By Jim Mintert
Growth in the trade of animal products has been quite dramatic since the mid-1980s. U.S. producers engaged in animal agriculture, as well as those engaged in grain and oilseed production, have benefited greatly.
U.S. crop producers have benefited because the increase in U.S. meat exports encouraged expansion of U.S. animal agriculture. That boosted demand for U.S.-produced feed/grains and oilseeds.
To see this more clearly, it’s helpful to examine how dramatic the shift has been in both U.S. meat production and exports. In the mid-1980s, U.S. meat production of beef, pork and poultry combined totaled just over 56 billion pounds per year. Meat exports to all destinations in the mid-1980s totaled about 1 billion pounds.
By 2017, U.S. meat production totaled 105 billion pounds, more than double its mid-1980s level. But meat exports skyrocketed, increasing 17-fold from the 1980s and exceeding 17 billion. That means meat exports, which averaged less than 2% of U.S. meat production in the mid-1980s, rose above 16% of U.S. meat production in 2017.
In a span of just over three decades, the U.S. went from exporting fewer than 2 pounds out of every hundred pounds of meat produced to exporting 16 pounds out of every hundred pounds of meat. It did so in a time frame when total meat production nearly doubled.
Exports by meat type
Pork, beef and poultry exports all have increased since the mid-1980s, but the rate of growth is not uniform across these three major meat production sectors.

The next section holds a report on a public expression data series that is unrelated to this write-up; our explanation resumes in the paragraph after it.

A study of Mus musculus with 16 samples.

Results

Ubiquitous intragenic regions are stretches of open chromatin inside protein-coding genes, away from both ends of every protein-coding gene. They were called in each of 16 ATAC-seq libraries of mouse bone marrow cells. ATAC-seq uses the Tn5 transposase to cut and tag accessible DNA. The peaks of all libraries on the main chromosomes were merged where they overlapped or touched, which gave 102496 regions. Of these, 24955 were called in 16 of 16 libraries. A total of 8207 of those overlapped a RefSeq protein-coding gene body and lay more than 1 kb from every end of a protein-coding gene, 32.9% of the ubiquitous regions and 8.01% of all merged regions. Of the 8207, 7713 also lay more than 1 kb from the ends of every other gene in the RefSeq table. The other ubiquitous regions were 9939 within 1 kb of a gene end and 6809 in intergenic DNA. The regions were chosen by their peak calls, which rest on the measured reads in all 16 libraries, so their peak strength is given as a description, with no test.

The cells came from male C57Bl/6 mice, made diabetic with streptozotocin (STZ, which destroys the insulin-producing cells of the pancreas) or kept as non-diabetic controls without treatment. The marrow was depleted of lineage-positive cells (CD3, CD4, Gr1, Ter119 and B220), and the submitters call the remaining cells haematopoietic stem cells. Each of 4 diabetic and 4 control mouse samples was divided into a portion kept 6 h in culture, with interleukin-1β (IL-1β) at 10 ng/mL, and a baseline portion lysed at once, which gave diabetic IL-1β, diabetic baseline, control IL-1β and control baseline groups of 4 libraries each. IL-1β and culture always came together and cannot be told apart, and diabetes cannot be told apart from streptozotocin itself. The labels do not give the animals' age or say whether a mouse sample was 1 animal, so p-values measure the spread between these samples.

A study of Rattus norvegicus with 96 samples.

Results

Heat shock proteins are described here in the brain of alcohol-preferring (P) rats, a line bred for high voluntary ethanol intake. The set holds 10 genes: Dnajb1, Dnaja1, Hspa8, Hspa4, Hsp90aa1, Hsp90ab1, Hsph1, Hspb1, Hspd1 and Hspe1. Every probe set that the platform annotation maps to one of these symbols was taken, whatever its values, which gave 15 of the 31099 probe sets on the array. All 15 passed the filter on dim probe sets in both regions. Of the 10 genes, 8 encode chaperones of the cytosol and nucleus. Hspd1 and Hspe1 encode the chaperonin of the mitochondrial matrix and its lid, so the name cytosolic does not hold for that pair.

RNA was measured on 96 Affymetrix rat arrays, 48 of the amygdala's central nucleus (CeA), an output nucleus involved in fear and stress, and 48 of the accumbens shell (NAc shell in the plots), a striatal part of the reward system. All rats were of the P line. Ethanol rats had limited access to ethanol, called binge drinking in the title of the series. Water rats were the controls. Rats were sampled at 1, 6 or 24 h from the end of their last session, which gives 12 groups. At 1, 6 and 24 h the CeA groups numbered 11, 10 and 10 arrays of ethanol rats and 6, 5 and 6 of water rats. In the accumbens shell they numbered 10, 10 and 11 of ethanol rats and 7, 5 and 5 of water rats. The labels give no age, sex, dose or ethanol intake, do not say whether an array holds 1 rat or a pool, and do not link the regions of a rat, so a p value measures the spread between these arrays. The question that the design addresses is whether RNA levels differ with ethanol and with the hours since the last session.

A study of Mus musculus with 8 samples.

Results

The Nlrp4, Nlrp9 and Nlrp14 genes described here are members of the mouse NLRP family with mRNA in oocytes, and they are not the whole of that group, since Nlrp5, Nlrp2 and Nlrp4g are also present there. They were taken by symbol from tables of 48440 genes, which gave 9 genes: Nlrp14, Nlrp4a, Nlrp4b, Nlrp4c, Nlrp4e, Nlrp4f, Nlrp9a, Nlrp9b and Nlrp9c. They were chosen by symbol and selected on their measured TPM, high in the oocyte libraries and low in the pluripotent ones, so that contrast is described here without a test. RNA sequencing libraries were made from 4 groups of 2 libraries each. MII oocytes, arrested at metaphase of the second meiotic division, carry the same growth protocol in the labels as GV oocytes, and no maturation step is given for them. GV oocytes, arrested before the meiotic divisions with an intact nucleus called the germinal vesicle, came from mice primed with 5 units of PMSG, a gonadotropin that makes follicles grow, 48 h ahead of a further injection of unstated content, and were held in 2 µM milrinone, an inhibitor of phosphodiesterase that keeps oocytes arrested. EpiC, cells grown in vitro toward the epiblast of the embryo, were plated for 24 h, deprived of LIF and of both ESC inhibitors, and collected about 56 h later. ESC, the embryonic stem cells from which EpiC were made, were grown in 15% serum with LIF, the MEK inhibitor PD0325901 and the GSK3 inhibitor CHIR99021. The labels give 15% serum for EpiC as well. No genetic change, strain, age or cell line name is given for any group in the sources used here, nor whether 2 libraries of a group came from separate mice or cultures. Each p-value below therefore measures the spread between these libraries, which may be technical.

Beef exports increased sixfold, reaching 2.9 billion pounds in 2017, compared to less than 500 million pounds in the 1980s. Poultry exports increased 12-fold, rising from an average of 625 million pounds in the 1980s to nearly 7.7 billion pounds in 2017. The most dramatic increase occurred in the pork sector. U.S. pork exports during the mid-’80s averaged just over 100 million pounds. By 2017, they totaled 5.6 billion pounds, a stunning 52-fold increase compared to 30 years earlier.
Exports have turned into an important source of demand for all major meat production sectors. During 2017, 11% of U.S. beef production was exported, up from less than 2% in the 1980s. The poultry sector exported 16% of production during 2017 vs. about 3% three decades ago. The pork sector, which exported less than 1% of production in the mid-1980s, exported 22% of U.S. production during 2017.
Future growth in U.S. meat exports will depend primarily on three things. First, income growth in importing countries is important. Second, competitiveness of the U.S. meat production sector will be a factor. Third, U.S. producers must have access to markets around the world.
Growth in meat exports over the last three decades has facilitated growth in U.S. animal agriculture. Future growth in the U.S. meat sector will be depend on continued growth in meat exports.
Mintert is a Purdue University agricultural economist and director of the Purdue Center for Commercial Agriculture. He writes from West Lafayette, Ind.